Updated on January 8, 2018
tamarawilhite profile image

Tamara Wilhite is a technical writer, an industrial engineer, a mother of two, and a published sci-fi and horror author.

What supplies do we need to have in the face of any disaster?

  • Air
  • Water
  • Food
  • Shelter
  • Security

Air in most situations is a given, though LA smog days and ozone red alert days are not.

Water, while bulky to store, is cheaply acquired today. And there are a number of options for long term water supply, from drilling your own well to installing rain barrels to using water filtration and the local creek. Shelter can be as simple as staying within your own home or throwing up a tent. Security requires vigilance and likely a firearm or other means of self defense. What is often neglected in preparedness or disaster planning is food. What should you do?

Prepare today to take care of your family in case disaster strikes tomorrow.
Prepare today to take care of your family in case disaster strikes tomorrow. | Source

Why Do We Not Have Enough Food Saved?

  • The typical full kitchen pantry may be emptied within a week of casual consumption. And most Americans go to the grocery store twice a week. In short, too many people have less food saved than they thought they did.
  • Any disaster, whether economic or natural, will disrupt the local food supply network. Going to the store won’t be enough in many cases, whether the roads or impassable or if the stores simply don’t have anything to sell.
  • The average American goes through a pound of food per day. When planning for food storage for an emergency, many people throw back a case of MREs or stack of canned goods and think that they are prepared. However, the volume they have isn’t enough to last very long.
  • The idea that you can replenish items by a quick rush to the store will be mimicked by thousands who have nothing at all saved. Anything not stored now might as well be forgotten unless you can grow it or others nearby are raising it.
  • Those who have food ample stored will quickly face demands from those who do not have food. Those who have will quickly be drained of what they do have. And this does not even take into account theft of food.
  • If you have stored food but your family won’t eat it or if you don’t have what you need to prepare it, it is essentially useless. Have a large supply of canned goods your family will eat and has a history of eating.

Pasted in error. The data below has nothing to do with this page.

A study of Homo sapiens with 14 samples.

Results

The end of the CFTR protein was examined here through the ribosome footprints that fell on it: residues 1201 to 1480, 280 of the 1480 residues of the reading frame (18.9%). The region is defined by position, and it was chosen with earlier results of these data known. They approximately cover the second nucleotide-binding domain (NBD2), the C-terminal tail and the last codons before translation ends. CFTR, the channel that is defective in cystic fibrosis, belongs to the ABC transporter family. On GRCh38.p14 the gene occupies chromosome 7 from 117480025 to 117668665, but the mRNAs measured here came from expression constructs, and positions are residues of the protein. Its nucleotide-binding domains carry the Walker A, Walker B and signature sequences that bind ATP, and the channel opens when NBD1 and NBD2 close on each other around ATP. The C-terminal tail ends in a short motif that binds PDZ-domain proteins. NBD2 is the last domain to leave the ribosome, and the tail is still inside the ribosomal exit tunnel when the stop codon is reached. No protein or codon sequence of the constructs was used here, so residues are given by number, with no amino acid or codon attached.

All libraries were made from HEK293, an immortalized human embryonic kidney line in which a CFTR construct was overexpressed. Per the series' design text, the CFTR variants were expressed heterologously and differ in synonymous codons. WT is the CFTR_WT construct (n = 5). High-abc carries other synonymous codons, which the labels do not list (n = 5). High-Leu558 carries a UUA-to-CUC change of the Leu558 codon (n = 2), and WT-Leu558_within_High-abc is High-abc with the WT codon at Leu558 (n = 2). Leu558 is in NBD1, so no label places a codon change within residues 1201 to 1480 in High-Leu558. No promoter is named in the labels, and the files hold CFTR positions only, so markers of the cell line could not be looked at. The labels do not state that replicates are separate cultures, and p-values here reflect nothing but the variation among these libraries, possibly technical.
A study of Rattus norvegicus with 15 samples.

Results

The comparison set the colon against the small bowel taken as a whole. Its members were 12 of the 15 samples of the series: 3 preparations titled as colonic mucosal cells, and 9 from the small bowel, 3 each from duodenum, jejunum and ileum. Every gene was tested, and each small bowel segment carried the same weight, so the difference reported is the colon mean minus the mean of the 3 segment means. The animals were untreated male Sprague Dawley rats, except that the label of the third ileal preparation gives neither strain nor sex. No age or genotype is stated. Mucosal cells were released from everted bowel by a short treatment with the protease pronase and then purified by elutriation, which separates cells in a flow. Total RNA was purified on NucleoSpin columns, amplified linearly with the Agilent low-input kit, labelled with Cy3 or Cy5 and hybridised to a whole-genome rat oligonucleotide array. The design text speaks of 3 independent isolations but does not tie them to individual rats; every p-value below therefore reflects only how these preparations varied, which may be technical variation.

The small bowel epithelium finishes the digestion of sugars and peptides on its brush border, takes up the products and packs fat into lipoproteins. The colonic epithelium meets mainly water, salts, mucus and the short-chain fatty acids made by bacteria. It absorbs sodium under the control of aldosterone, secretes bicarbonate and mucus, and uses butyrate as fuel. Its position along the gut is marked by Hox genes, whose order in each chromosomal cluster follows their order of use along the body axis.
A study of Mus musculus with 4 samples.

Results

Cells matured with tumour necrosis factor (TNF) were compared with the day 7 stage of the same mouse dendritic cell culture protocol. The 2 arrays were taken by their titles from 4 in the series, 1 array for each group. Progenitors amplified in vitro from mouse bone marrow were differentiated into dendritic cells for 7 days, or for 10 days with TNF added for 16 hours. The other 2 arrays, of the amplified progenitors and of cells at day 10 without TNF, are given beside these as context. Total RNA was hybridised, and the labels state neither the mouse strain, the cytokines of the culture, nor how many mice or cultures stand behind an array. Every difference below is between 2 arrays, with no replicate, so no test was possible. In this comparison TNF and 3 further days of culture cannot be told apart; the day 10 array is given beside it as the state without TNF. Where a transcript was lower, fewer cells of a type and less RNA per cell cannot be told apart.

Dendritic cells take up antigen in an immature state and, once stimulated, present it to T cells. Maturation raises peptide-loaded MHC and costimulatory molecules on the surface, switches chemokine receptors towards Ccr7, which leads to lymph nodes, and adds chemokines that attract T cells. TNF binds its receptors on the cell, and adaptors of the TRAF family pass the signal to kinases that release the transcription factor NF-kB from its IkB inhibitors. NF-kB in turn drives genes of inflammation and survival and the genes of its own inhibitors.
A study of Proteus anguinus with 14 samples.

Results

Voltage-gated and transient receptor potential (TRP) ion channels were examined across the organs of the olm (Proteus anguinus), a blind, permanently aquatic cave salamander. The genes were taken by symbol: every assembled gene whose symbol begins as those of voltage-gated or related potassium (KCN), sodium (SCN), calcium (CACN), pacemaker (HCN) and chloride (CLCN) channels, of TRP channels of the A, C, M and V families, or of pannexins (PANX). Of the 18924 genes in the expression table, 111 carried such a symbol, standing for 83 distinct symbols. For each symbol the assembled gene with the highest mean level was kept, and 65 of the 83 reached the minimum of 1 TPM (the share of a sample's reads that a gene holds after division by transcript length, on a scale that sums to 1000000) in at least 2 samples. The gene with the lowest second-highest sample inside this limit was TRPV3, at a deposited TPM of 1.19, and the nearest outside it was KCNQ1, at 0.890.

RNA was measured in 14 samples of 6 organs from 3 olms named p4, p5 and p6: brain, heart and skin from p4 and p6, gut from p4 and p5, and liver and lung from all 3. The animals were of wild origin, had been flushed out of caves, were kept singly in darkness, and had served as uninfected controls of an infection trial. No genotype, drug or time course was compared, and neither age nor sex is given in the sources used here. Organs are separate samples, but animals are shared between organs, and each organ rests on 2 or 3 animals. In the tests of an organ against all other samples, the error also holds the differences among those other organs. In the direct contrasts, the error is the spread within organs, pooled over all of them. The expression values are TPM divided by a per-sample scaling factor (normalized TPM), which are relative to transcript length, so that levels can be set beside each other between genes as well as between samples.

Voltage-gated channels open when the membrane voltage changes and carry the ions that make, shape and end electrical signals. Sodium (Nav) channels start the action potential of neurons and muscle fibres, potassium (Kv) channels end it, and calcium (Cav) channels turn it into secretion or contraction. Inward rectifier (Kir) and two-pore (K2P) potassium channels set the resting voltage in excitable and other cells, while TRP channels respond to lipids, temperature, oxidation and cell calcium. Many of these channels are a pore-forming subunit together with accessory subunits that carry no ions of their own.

• Food is a barter item. If you have significant food stores but overlooked other critical supplies such as water filters or sufficient alternate toilet arrangements, food will get traded away for what you do not have. This shortens the life of existing food storage dramatically.

Affordable Ways to Stock Up on Food

  • Stock up on survival food items that can be prepared in a power outage and with the limited supplies you have on hand. For example, buy survival food items that don’t require cooking so that you don’t have to build a fire and jeopardize your ability to remain hidden. If you live somewhere that has limited water supplies, buy survival food items that don’t require the cook to add water. For someone living in the desert, avoid survival food items that say “add hot water”. If you have water, you don’t want to have to add it to your food and having to build a fire causes your body to lose its limited water in the form of perspiration.
  • Buy canned food that your family eats, and then store it. Select items with a long shelf life and the greatest possible expiration date. Then store it in a location where it won’t be consumed by casual consumption. You can store flats of canned goods under a bed, in the bottom of a closet, in stacks in your attic, under a workbench or inside unused cabinets.
  • When selecting canned food, chose versions with the maximum calories and nutrition. Canned meats in oil are better than canned meats in water. Canned sauces with meat are superior to regular tomato paste. Choose stews with meat and vegetables over soups that are mostly water.
  • When selecting canned goods, save time and storage space by buying flats of canned goods you like or install first in, first out rolling shelves. Using flats simplifies storage and sorting by expiration date. First in first out shelves (FIFO) automatically rotate the goods so that the next in line to be used automatically roll to the front.
  • Hit discount grocery stores like Big Lots to find cheap canned meats, vegetables and even protein bars. Be careful of the expiration dates, since more of the products there are close to expiration. However, many items are there because they weren't popular. But they are cheaper than the grocery store and will sustain you when there isn't anything else in the pantry.
  • Grocery store and dollar store closings can be a great way to stock up on canned vegetables, simple baking mixes and starches like canned yams. Just be careful that the discounted price you are paying is still a good deal compared to the sale price of name brand items or standard price for generic items. A store closing selling items 30% off when normally 50% more expensive than the competition isn't a bargain.